Ever seen a picture of ink that looks like it’s been stretched out and separated into its component colors in the process? That’s fountain pen ink chromatography, and not only is it surprisingly easy to do yourself, it’s also quite informative.
What Is Chromatography?
Simply put, chromatography is the practice of separating any mixture through a medium (other than itself) which separates the components of the original mixture. Chromatography is often used in the processing and examination of our blood, and you may have also heard of gas chromatography which has many uses, such as analyzing the make-up of a gas. You can even examine DNA with affinity chromatography.
For our purposes, chromatography is the practice of putting fountain pen ink on a highly absorbent piece of paper and watching the different compounds in the ink separate as they travel up the paper at varying speeds. The compounds are, in this case, the different colors that were combined to make the desired in color.
Fountain pen ink chromatography is a form of paper chromatography, which means the ink will travel up a strip of paper. The movement up the paper will require the use of a solvent (in this case tap water) and capillary action.
What Do You Need To Do Chromatography?
Assuming you already had some fountain pen ink, you’ll need:
- Chromatography paper
- Alternatively you can use a paper towel, thick toilet paper, blotter paper, watercolor paper, or bleached coffee filter
- A tool for transferring ink, like an eyedropper, syringe, or, best of all, a 3 ml pipette
- Disposable cups for holding water
- Paper clips, binder clips, or tape for holding the chromatography strips
- Tap water
- Optional: Some newspaper and paper towels, to prevent making a mess on your desk
How To Do Fountain Pen Ink Chromatography
Here are the steps for your ink chromatography.
First of all, get your gear is in order and your have a place to work that’s free of kids, dogs, wind, and anything that will mess up this fragile work.
Next, fill a cup about a quarter of an inch of room temperature tap water. This will be the vessel where your ink makes its journey up the chromatography paper.
Get a chromatography strip (or coffee filter, etc.) and write the name of the ink you will be testing at the very top. Keep it small. Use pencil or ballpoint pen, something that won’t run if water hits it.
Next, get a single drop of ink and put it about an inch from the bottom of the paper, right in the center. This will be the starting point.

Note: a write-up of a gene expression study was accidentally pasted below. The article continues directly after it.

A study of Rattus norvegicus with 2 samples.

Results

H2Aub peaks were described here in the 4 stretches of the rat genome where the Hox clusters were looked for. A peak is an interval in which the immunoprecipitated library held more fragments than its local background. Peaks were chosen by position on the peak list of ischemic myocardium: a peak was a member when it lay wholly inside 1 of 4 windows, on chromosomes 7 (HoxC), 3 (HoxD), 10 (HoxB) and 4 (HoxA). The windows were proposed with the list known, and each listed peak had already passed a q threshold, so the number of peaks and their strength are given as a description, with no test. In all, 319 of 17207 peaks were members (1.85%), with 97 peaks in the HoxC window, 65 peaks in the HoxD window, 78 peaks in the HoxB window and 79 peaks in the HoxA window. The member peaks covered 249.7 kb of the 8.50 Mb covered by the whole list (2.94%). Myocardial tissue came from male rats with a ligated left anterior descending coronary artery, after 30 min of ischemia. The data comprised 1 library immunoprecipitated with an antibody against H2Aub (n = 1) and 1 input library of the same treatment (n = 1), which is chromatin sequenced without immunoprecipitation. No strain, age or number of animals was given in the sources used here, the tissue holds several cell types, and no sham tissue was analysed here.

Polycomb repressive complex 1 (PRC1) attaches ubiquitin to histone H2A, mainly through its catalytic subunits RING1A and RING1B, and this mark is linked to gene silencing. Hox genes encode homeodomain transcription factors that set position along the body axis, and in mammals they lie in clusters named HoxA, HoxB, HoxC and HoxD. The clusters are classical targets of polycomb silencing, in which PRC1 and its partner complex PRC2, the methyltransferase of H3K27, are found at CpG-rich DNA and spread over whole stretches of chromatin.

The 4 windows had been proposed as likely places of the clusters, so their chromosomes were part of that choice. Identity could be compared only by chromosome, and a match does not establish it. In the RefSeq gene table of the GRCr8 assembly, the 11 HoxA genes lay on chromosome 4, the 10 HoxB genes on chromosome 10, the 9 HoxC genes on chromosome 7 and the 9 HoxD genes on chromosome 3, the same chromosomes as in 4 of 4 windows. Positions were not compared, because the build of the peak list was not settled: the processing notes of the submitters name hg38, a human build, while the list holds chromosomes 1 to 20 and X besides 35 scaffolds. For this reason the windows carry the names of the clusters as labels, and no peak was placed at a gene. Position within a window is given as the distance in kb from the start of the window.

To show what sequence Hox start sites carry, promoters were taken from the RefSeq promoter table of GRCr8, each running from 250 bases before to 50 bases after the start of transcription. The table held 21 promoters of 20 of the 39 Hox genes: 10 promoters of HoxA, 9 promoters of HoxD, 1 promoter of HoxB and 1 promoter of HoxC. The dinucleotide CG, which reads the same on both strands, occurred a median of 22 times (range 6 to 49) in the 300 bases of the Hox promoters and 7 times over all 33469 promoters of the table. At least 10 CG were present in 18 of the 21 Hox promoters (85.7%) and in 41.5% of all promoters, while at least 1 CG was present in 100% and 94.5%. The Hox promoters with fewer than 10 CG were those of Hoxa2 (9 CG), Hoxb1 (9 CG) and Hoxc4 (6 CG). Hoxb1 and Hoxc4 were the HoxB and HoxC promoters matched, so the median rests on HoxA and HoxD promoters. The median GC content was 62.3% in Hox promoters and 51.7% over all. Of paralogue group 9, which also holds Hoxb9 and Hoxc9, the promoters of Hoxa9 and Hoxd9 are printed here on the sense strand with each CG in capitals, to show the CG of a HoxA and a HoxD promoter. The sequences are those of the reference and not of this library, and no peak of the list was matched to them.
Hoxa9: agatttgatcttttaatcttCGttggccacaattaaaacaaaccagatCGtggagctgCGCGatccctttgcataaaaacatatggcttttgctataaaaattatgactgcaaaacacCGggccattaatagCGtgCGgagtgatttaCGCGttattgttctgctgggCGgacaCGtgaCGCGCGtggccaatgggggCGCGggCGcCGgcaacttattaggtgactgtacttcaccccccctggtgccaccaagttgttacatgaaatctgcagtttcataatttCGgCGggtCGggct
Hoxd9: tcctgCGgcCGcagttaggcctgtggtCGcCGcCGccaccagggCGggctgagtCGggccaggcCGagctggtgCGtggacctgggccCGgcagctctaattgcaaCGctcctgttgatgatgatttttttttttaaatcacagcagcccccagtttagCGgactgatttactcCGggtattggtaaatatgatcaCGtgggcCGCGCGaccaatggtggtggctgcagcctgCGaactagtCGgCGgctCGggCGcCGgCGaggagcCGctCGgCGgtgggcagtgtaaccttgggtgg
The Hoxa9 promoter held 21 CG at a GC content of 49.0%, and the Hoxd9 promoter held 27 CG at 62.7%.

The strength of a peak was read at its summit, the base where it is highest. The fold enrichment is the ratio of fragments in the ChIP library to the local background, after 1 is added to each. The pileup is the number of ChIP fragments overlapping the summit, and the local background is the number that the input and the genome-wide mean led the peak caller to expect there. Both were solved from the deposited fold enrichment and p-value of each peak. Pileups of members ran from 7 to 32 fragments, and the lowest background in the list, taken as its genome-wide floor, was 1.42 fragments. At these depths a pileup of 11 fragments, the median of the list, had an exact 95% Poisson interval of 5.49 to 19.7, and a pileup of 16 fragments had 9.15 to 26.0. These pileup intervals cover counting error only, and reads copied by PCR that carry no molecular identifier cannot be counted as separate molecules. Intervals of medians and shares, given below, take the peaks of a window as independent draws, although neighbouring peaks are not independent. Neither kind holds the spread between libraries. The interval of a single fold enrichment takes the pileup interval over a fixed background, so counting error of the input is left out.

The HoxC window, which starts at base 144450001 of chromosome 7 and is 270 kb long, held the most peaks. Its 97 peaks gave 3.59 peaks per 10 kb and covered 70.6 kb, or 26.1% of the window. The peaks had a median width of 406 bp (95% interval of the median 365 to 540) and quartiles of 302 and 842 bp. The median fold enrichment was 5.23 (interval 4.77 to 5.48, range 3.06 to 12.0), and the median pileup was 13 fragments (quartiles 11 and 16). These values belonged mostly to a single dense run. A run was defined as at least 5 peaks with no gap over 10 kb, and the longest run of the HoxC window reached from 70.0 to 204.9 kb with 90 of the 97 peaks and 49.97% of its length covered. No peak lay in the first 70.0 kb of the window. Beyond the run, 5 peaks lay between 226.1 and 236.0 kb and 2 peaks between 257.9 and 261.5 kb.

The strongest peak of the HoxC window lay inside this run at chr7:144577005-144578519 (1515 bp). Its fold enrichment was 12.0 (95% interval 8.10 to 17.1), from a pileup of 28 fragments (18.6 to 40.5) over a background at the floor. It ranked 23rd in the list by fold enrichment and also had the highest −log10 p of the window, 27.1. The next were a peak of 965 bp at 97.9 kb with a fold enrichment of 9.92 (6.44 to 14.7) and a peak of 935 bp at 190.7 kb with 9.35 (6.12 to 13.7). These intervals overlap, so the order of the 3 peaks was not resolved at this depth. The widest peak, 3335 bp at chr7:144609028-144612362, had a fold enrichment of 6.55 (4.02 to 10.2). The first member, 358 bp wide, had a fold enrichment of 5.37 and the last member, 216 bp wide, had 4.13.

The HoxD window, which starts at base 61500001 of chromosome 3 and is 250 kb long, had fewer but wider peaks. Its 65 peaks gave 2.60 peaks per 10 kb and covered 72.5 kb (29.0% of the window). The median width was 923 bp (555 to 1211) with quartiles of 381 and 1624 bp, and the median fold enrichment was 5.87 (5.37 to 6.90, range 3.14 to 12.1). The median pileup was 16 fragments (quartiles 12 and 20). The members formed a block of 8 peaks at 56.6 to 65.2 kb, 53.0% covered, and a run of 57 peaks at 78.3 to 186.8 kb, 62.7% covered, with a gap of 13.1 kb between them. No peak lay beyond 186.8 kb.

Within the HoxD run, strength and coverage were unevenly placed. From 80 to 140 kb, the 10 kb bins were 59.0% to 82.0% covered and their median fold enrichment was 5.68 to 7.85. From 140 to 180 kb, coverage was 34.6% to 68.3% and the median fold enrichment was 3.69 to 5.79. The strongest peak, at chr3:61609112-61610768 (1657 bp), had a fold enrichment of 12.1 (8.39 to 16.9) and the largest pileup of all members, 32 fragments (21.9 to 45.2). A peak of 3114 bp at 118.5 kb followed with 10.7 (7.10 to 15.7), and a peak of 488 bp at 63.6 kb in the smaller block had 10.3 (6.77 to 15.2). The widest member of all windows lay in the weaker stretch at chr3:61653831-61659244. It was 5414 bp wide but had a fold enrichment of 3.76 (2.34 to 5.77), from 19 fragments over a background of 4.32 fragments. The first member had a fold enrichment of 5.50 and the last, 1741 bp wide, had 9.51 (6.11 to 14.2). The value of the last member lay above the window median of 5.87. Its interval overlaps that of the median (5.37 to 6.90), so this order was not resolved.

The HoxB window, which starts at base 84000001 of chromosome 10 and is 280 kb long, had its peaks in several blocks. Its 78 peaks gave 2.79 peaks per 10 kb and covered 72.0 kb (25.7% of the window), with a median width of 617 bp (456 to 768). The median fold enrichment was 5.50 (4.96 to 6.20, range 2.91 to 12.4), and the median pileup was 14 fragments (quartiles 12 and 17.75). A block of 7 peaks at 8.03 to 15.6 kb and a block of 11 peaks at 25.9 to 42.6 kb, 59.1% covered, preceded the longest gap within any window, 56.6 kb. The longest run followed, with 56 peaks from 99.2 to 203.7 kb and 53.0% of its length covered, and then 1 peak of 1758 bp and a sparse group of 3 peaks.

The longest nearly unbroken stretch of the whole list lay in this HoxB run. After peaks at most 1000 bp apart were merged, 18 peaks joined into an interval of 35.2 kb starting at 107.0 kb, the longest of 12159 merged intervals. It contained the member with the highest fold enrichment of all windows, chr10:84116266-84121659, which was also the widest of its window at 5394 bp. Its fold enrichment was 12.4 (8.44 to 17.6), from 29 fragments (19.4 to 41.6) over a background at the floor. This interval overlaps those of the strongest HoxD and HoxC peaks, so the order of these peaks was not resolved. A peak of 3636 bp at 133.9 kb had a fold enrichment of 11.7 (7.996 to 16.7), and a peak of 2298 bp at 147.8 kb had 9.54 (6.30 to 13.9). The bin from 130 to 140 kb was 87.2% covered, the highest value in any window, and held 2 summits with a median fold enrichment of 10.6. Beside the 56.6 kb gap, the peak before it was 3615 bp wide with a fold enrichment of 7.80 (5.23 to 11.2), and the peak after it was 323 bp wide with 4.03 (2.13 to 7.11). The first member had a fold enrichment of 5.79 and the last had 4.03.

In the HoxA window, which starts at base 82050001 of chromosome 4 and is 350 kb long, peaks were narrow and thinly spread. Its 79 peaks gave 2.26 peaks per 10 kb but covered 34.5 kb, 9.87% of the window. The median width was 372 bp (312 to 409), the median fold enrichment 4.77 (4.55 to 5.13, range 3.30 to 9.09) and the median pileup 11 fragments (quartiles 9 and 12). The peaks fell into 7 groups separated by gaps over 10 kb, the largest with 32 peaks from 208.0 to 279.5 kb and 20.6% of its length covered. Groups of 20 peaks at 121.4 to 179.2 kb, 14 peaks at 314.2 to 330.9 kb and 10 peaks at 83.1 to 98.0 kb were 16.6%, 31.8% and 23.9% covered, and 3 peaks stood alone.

Put the paper in the cup so that the very bottom is in the water. Keeping the paper as straight as possible and touching as little of the cup as possible, affix the paper the top of the cup. You can use a binder clip, paper clip, or some kind of tape. If you do use tape, makes sure to use low-adhesion tape, like washi or masking tape, so you can putt it off later without ripping your chromatography project.
The best way to do this is to place a straw or chopstick across the top of the cup and let the paper hang from that. If that’s not practical for you, you can affix the paper to the side. You can use multiple strips of paper in a single cup, just make sure all of the ink stays out of the water when you do that first dip!
The water will start to travel up the paper. This will vary in speed depending on the paper you bought. A typical 6-inch strip will have about 45 minutes between the water is getting towards the top of the paper. The longer you wait the more color separation you will have, but you have to be careful as some colors will start to collect at the top of the paper, and you’ll lose some of the effect.
After the color separate is done enough for your liking, remove the strip from the water and let it dry. You’re done!
Alternate Method With Other Papers
If you are going to use a round coffee filter or a paper towel, you can put the fountain pen ink drop in the center and then use your pipette to place 1 to 3 drops of water on top of the fountain pen ink. This will cause the ink to spread outward instead of up the paper. The ink separation won’t be as dramatic but you will get enough ink travel to see the compound colors within your ink.
Why Do Ink Chromatography?
What’s the point of all this work? Well, foremost, it’s a fun and relaxing project. And kids love the experiment angle of it. You are doing a pretty legitimate scientific experiment after all!
For the ink and fountain pen fanatics, chromatography let’s you see the colors that were mixed to make your ink. This helps with matching and it let’s you really know if that shade you seen in your inks sheen is really a hint of red or orange, make maybe was it purple?
By doing chromatography you’ll be constantly surprised about how your favorite inks were made. For example, many blue inks have some pink in them in order to move them from navy to a bright blue, without resorting to adding green and veering them off into a turquoise shade!